In June 2005 the Federal Food and Drug Administration announced it had approved the use of BiDil, a heart failure medication designed exclusively for treating African-Americans. That decision may have been the first step towards an era of "race-based" medicine, treatments targeted at particular races or ethnic groups. But a growing number of legal scholars and bioethicists, including Professor Sharona Hoffman of the Case Western Reserve University School of Law, believe that race-based medicine is an inappropriate and dangerous approach to treating disease.
Writing in the American University Law Review Hoffman, who is co-director of the Law-Medicine Center at Case School of Law and a professor of law and bioethics, notes that race is an elusive concept with no reliable definition in medical science, and therefore is not an appropriate basis for medical treatment. It is also not a genetically valid concept. The map of the human genome has demonstrated that 99.9% of human genes are identical in all individuals and that no genetic variation is found in all members of one race but not in members of other races.
Moreover, Hoffman asserts, "racial profiling" in medicine could potentially be harmful to public health and welfare. "A focus on 'race' can lead to medical mistakes if the doctor misjudges the patient's ancestral identity or fails to recall that a particular condition affects several vulnerable groups and not just one 'race.' The phenomenon can also lead to stigmatization and discrimination if the public perceives certain 'races' as more diseased or more difficult to treat than others," she says. In addition, race-based medicine may also violate a variety of federal and state anti-discrimination laws and regulations.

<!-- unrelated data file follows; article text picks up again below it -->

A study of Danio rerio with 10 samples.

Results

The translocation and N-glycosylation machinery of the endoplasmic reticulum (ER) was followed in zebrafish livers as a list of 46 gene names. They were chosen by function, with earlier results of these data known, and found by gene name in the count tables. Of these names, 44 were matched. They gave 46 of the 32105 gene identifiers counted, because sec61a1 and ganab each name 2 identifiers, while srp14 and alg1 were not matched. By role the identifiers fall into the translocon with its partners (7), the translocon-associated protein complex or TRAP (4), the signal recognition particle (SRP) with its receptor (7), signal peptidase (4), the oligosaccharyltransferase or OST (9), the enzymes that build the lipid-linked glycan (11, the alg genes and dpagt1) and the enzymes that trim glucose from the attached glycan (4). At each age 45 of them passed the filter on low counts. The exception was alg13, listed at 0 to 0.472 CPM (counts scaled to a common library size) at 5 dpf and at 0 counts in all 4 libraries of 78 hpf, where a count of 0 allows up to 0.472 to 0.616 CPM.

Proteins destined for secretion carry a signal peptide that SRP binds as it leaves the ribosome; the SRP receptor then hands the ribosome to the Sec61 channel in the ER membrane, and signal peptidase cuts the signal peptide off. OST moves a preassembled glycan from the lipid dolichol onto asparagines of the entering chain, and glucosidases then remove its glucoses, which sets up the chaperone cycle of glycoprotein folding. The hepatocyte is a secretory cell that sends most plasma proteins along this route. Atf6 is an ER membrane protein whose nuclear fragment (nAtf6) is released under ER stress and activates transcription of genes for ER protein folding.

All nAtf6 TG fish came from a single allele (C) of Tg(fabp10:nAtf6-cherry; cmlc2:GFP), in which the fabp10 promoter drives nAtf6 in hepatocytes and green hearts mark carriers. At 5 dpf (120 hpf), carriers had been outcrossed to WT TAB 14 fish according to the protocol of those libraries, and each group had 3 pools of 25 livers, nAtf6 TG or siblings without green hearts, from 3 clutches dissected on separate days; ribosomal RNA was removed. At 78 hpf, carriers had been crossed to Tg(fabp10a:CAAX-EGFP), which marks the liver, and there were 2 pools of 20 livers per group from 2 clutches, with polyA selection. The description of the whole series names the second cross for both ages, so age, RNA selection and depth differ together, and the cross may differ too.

Rather than focusing on race, Hoffman believes scientists and physicians should devote their attention to "attribute-based" medical research and treatment mechanisms that are objectively definable. Relevant attributes would include specific genetic alterations that might influence the course of a disease or an individual's vulnerability to it, socioeconomic status, diet, exercise, stress level, exposure to toxins, and cultural and religions barriers to treatment. "Ideally, the practice of medicine will become increasingly individualized, with physicians examining patients for multiple variables that will determine which therapy should be prescribed," Hoffman writes.
Hoffman notes that while attribute-based medicine holds promise for improving human health, it too can lead to medical mistakes, stigmatization, and other dangers. Consequently she recommends various measures to guard against the risks of attribute-based medicine. First, according to Hoffman, scientific and institutional review boards must pay special attention to population-specific protocols in order to ensure that selection criteria are justified by scientific data.
In addition, she emphasizes the importance of educating health care providers concerning the variables that actually influence disease vulnerability and treatment response, and of public discussion about the development of attribute-based medicine. "It is only with careful thought and appropriate precautions that attribute-based medicine can become an approach that enhances treatment opportunities for all human beings and contributes significantly to public health and welfare," she concludes.